Molecular epidemiology of extended-spectrum β-lactamase-producing Escherichia coli in the community and hospital in Korea: emergence of ST131 producing CTX-M-15
1 Division of Infectious Diseases, Department of Internal Medicine, The Catholic University of Korea, College of Medicine, Seoul, Korea
2 Catholic Research Institutes of Medical Science, The Catholic University of Korea, College of Medicine, Seoul, Korea
3 Division of Infectious Diseases, Department of Internal Medicine, Korea University Medical College, Seoul, Korea
4 Division of Infectious Diseases, Department of Internal Medicine, Ilsan Hospital, Goyang-si, Gyeonggi-do, Korea
5 Department of internal medicine, Bucheon St Mary’s Hospital, The Catholic University of Korea, #2, Sosa-Dong, Wonmi-Gu, Bucheon, Gyeonggi-Do 420-717, Republic of Korea
BMC Infectious Diseases 2012, 12:149 doi:10.1186/1471-2334-12-149Published: 29 June 2012
The prevalence of extended-spectrum β-lactamase (ESBL)-producing Escherichia coli has been increased not only in the hospital but also in the community worldwide. This study was aimed to characterize ESBL- producing E. coli isolates and to investigate the molecular epidemiology of community isolates in comparison with hospital isolates at a single center in Korea.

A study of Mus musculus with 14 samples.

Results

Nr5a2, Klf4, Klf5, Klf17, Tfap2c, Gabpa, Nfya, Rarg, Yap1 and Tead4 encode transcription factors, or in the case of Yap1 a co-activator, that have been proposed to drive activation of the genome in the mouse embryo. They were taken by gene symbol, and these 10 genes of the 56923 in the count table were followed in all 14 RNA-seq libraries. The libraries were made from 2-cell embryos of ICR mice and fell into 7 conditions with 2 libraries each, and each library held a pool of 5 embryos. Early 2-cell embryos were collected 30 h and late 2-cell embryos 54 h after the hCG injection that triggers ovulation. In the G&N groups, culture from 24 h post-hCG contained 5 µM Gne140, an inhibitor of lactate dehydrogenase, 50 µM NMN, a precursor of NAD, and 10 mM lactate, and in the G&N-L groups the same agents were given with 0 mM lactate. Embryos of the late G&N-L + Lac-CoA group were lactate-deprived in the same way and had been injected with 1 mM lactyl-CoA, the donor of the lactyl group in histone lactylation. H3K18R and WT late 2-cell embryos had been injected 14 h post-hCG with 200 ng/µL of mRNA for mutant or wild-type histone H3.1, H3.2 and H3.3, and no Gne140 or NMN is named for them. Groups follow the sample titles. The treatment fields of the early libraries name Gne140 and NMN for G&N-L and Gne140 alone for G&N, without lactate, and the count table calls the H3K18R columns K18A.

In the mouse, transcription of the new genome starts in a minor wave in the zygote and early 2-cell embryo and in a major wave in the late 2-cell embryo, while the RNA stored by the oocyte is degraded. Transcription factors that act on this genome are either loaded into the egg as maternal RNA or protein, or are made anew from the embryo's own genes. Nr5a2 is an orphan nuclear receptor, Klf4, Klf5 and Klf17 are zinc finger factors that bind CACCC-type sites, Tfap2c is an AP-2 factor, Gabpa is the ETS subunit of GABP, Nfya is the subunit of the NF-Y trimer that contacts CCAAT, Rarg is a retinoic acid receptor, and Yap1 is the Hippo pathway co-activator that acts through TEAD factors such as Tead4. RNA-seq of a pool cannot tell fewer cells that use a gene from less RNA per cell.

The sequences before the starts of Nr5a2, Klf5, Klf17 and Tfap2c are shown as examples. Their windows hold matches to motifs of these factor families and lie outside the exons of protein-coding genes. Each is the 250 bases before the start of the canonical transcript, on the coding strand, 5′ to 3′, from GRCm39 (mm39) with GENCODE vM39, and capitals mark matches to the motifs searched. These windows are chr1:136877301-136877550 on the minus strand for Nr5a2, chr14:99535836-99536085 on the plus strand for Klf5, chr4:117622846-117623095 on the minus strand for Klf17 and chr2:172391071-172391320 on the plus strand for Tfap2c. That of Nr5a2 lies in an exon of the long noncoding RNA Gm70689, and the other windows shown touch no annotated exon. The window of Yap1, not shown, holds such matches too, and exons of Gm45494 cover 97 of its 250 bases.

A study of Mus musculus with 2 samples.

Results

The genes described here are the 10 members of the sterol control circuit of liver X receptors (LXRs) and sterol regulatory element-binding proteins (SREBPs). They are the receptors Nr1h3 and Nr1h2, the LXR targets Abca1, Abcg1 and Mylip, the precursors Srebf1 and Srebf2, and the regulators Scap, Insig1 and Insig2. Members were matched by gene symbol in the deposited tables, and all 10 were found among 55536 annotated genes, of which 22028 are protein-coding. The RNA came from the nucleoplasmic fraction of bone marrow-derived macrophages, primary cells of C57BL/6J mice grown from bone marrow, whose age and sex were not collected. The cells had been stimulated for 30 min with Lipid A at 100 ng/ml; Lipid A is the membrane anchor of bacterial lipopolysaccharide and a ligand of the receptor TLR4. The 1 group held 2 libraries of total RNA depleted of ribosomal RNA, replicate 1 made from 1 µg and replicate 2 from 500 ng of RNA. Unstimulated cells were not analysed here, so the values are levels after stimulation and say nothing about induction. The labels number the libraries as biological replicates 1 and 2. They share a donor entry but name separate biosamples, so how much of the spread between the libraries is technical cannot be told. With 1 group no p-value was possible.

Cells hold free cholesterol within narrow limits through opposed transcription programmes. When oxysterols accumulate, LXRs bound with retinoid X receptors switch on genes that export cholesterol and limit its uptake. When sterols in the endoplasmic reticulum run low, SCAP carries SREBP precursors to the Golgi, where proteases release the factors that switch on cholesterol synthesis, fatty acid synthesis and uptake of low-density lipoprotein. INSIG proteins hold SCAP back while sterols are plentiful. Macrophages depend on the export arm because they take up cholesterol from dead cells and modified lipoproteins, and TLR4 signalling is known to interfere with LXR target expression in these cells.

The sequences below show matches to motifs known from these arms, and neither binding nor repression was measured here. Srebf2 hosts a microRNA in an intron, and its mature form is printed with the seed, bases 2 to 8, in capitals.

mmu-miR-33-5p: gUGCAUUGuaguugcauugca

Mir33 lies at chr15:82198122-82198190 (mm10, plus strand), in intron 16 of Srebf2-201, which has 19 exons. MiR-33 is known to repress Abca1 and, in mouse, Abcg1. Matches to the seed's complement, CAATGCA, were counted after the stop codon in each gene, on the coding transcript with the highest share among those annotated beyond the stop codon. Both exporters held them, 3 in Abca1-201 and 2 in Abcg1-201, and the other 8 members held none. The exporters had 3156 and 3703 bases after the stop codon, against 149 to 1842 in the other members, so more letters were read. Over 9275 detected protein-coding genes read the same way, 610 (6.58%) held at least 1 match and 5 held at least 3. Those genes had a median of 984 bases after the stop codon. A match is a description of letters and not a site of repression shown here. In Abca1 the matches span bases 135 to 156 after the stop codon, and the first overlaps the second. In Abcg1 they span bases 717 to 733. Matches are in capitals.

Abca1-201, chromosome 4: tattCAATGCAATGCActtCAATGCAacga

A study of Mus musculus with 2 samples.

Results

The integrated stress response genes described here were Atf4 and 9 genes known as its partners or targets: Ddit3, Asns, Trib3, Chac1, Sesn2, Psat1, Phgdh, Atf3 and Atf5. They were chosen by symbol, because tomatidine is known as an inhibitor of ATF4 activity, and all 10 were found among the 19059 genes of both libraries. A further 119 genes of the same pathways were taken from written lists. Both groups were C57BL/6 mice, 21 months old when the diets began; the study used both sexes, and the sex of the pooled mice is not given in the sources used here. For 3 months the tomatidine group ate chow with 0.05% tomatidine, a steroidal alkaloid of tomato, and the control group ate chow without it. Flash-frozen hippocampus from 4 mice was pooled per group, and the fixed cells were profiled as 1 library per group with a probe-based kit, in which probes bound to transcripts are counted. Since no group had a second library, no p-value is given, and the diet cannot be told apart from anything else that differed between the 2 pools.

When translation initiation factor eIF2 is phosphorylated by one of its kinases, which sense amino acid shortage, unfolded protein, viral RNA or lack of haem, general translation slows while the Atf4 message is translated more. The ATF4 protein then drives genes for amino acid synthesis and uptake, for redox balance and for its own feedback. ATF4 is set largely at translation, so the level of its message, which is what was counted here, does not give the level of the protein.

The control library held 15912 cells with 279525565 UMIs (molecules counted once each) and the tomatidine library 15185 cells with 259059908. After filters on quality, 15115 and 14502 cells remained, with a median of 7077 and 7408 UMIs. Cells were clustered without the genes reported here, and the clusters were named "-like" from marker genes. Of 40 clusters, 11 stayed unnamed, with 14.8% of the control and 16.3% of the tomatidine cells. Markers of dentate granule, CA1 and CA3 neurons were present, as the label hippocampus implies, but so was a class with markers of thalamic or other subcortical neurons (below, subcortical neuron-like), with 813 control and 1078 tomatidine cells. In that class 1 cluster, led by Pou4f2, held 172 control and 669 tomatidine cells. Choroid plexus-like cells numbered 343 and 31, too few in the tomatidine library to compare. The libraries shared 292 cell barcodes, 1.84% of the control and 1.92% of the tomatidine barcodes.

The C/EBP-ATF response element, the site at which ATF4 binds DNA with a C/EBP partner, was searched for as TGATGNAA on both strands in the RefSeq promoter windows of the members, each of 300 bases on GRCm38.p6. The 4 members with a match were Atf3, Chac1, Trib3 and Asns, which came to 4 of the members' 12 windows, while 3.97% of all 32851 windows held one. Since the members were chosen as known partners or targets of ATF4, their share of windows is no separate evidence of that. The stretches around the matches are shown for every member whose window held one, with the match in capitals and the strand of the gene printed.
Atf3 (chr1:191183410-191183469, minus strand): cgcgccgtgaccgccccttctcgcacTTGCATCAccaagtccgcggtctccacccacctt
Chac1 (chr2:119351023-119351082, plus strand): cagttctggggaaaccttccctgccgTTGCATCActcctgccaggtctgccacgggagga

A total of 142 ESBL-producing E. coli isolates were collected at Daejeon St Mary’s Hospital in Korea from January 2008 to September 2009. The ESBLs were characterized by PCR sequencing using specific primers. The genetic relatedness was determined by pulsed field gel electrophoresis (PFGE) and multilocus sequence typing (MLST).
Of 142 isolates, 139 were positive for CTX-M type ESBLs; CTX-M-14 (n = 69, 49.6 %), CTX-M-15 (n = 53, 38.1 %) and both CTX-M-14 and -15 (n = 17, 12.2 %). CTX-M-14 and CTX-M-15 were detected in both community and hospital isolates whereas isolates producing both CTX-M14 and-15 were mainly identified in the hospital. CTX-M producing E. coli isolates were genetically heterogeneous, revealing 75 distinct PFGE types. By MLST, 21 distinctive STs including 5 major STs (ST131, ST405, ST38, ST10, and ST648) were identified. Major STs were distributed in both community and hospital isolates, and ST131 was the predominant clone regardless of the locations of acquisition. No specific major STs were confined to a single type of ESBLs. However, ST131 clones were significantly associated with CTX-M-15 and the majority of them were multidrug-resistant. Distinctively, we identified a hospital epidemic caused by the dissemination of an epidemic strain, ST131-PFGE type 10, characterized by multidrug resistance and co-producing both CTX-Ms with OXA-1 or TEM-1b.
The epidemiology of ESBL-producing E. coli is a complex and evolving phenomenon attributed to the horizontal transfer of genetic elements and clonal spread of major clones, predominantly ST131. The multidrug resistant ST131 clone producing CTX-M-15 has emerged as a major clone in both the community and hospital, suggesting the widespread of this epidemic clone in Korea.